Resumption of executions for drug-related offences: Saudi Arabia


Over the last two weeks executions have been taking place almost daily in Saudi Arabia after the authorities ended a 21-month unofficial moratorium on the use of the death penalty for drug-related offences.

Since 10 November, 17 men have been executed for what are termed drug and contraband offences – the latest three executions on Monday. Those executed to date are four Syrians, three Pakistanis, three Jordanians, and seven Saudis.

As executions are only confirmed after they take place in Saudi Arabia, we do not have any information as to how many people may be on death row. However, according to some reports we have received, a Jordanian man, Hussein abo al-Kheir, may be at risk of imminent execution. His case has previously been taken up by the Working Group on Arbitrary Detention, which found that his detention was arbitrary because it lacked a legal basis and there were grave concerns relating to his right to a fair trial.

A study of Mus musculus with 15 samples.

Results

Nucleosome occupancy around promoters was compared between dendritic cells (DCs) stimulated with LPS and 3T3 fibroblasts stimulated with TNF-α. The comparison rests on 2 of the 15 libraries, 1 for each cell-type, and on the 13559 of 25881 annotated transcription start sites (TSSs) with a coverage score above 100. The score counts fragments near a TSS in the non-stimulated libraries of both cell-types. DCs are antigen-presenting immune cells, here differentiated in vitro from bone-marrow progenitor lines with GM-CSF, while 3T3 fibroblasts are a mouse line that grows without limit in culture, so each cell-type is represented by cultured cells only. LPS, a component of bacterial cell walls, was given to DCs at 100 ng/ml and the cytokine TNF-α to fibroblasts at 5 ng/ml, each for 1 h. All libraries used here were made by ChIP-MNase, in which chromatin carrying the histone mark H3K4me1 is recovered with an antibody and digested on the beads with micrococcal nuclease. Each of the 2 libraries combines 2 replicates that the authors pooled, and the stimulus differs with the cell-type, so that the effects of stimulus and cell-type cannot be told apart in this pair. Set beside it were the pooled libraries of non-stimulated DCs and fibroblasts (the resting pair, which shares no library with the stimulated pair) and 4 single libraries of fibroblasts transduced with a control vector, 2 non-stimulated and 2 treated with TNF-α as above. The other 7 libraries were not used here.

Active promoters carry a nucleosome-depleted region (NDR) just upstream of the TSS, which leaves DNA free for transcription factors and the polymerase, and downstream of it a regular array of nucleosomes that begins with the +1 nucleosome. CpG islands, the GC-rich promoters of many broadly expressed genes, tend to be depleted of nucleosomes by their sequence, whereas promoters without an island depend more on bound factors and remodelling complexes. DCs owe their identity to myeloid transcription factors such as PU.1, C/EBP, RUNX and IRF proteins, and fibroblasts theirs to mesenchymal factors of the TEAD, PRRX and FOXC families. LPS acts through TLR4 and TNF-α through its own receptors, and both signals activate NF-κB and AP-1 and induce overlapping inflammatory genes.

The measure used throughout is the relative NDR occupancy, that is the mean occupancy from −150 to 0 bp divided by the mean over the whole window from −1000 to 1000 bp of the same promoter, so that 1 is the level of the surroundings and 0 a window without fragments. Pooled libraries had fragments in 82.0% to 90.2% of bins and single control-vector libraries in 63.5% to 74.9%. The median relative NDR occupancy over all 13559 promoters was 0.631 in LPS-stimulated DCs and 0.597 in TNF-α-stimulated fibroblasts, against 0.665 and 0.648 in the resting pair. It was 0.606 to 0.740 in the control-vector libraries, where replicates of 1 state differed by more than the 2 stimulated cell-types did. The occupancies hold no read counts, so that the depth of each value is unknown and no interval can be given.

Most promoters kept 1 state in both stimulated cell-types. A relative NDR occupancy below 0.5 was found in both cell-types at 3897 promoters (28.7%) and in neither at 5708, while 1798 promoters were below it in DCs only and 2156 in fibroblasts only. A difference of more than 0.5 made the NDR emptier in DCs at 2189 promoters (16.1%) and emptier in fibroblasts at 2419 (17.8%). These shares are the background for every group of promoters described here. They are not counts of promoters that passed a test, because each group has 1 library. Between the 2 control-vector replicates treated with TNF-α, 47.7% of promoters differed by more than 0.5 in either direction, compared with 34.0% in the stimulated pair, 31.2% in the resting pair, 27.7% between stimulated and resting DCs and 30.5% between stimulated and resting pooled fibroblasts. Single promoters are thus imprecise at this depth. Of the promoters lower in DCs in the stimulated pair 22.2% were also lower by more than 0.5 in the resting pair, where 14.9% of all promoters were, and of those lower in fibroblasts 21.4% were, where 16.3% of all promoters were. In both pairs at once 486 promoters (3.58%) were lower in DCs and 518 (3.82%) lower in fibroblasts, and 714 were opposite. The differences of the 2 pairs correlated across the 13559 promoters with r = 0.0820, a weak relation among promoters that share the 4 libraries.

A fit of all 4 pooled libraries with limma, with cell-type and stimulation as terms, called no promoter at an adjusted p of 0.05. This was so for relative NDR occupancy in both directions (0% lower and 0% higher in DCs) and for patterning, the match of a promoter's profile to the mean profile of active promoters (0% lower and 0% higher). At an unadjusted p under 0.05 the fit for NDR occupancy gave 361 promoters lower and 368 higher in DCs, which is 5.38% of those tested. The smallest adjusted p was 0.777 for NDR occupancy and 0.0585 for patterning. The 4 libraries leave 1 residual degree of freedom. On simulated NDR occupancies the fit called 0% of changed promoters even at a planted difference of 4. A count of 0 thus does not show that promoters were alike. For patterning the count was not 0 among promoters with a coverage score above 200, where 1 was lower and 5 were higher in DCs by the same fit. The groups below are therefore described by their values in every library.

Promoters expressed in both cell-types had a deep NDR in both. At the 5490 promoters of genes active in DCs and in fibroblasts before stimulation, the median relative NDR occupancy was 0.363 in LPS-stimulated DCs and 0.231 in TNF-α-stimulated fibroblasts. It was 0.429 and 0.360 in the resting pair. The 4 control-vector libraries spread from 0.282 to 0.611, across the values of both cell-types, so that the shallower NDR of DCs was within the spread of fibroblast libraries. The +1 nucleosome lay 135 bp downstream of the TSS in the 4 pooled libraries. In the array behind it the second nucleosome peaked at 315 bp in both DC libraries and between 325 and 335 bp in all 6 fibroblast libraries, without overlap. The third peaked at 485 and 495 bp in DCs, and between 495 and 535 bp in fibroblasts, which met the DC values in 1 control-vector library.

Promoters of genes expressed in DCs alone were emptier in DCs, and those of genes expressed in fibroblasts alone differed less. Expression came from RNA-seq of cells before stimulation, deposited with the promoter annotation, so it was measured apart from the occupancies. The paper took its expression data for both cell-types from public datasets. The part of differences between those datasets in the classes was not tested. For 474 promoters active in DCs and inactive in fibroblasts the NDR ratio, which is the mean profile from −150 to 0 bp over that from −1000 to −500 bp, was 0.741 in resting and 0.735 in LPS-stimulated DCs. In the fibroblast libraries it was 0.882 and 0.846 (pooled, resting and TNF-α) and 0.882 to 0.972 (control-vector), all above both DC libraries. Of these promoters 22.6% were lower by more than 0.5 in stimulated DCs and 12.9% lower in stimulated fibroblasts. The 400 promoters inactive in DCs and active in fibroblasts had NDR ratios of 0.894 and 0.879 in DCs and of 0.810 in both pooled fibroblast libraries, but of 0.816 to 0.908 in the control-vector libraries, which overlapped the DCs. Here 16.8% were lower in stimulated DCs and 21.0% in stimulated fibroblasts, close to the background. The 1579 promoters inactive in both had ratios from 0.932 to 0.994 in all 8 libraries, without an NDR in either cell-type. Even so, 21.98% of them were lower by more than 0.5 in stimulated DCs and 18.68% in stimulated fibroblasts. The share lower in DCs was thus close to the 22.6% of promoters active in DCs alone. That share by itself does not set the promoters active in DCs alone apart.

We urge the Saudi Government to halt al-Kheir’s reported imminent execution and to comply with the Working Group’s opinion by quashing his death sentence, releasing him immediately and unconditionally, and by ensuring that he receives medical care, compensation and other reparations.

The resumption of executions for drug-related offences in Saudi Arabia is a deeply regrettable step, all the more so coming just days after a wide majority of States in the UN General Assembly called for a moratorium on the death penalty worldwide.

Imposing the death penalty for drug offences is incompatible with international norms and standards. We call on the Saudi authorities to adopt a formal moratorium on executions for drug-related offences, to commute death sentences for drug-related offences, and to ensure the right to a fair trial for all defendants, including those charged with such offences, in line with its international obligations.